By the time this is published, I will have officially completed my B.A. in Political Science. The celebration won’t be how I pictured it, as is the case with every other student graduating this year, but the party isn’t why you do the work.
When I finished high school in 2016, the original plan was to major in theater. For a myriad of reasons, I knew I had to do something different as my second year approached.
That winter, I binge-watched The West Wing on Netflix over break. I got as far as “He Shall, from Time to Time,” as Leo’s first conversation with Bartlet after the latter’s MS diagnosis was revealed was unfolding, to decide that this was my new favorite show. I was seeing government officials doing their best to do right by their constituents and trusting each other.
Only a month before this binge-watch, the 2016 election had occurred. I walked into my beginning acting class the morning after, to see almost everyone looking depressed and confused. Almost. It turned out that a classmate whom I had thought of as rather dashing was an avid supporter of the president-elect. It was clear I didn’t understand my community like I thought I did.
During my senior year of high school, I had two incredible teachers, the kind that you’re lucky to get once. They changed the way I saw their subject matter completely. One was my English teacher, who taught me that Austen and Shakespeare didn’t have to be soul-sucking, and literature class could be something you could look forward to doing the assignments for. The other was my social sciences teacher.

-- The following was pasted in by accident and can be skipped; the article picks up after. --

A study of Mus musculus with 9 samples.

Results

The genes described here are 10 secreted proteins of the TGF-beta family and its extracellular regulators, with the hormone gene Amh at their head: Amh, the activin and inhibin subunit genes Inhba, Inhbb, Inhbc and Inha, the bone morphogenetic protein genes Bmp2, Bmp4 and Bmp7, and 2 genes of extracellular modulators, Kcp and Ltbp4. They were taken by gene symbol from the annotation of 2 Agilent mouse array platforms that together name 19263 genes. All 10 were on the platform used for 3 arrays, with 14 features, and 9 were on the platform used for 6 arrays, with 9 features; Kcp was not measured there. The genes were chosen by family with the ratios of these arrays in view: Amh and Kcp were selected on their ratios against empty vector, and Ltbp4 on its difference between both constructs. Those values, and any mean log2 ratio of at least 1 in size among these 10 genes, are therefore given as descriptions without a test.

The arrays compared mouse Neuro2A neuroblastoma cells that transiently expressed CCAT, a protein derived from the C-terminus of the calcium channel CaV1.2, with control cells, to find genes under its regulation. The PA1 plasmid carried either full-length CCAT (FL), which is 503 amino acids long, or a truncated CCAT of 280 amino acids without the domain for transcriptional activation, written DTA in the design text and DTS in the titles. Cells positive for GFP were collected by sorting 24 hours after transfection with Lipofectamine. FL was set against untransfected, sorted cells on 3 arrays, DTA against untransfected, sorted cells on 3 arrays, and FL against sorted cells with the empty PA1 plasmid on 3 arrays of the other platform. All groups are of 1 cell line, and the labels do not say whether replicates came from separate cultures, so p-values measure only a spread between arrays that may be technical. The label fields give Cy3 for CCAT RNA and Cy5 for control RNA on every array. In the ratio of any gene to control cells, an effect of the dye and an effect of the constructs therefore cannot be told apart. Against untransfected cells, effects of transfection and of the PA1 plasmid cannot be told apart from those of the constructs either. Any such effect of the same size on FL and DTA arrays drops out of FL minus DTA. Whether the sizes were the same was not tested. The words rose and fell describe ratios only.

She opened every class with the one-minute clips BBC News makes every day, managed to connect what we saw in the news with the day’s lesson, and taught me why politics shouldn’t just be a thing I take as a cue to tune out at Thanksgiving dinner.
I began to see politics, in its own strange way, as theater. If anyone wants to get into any elected position, they have to put on an act. Might not be on the same kind of stage, but the principle is the same—put on a show to enthrall your audience.
I had spent so long being afraid of college, knowing I didn’t have a field I was passionate about yet, that could keep me interested enough to write my papers for class, take my 15 credits a semester plus summer school, and not leave me feeling completely burnt out. I had it now.
I am now the first on my mom’s side of the family to finish college, but if I manage to get a job in my field, I already see I have barely scratched the surface. We don’t know yet how a pandemic affects national elections, how our candidates will rise or fall as time passes, and why or how their constituents will react.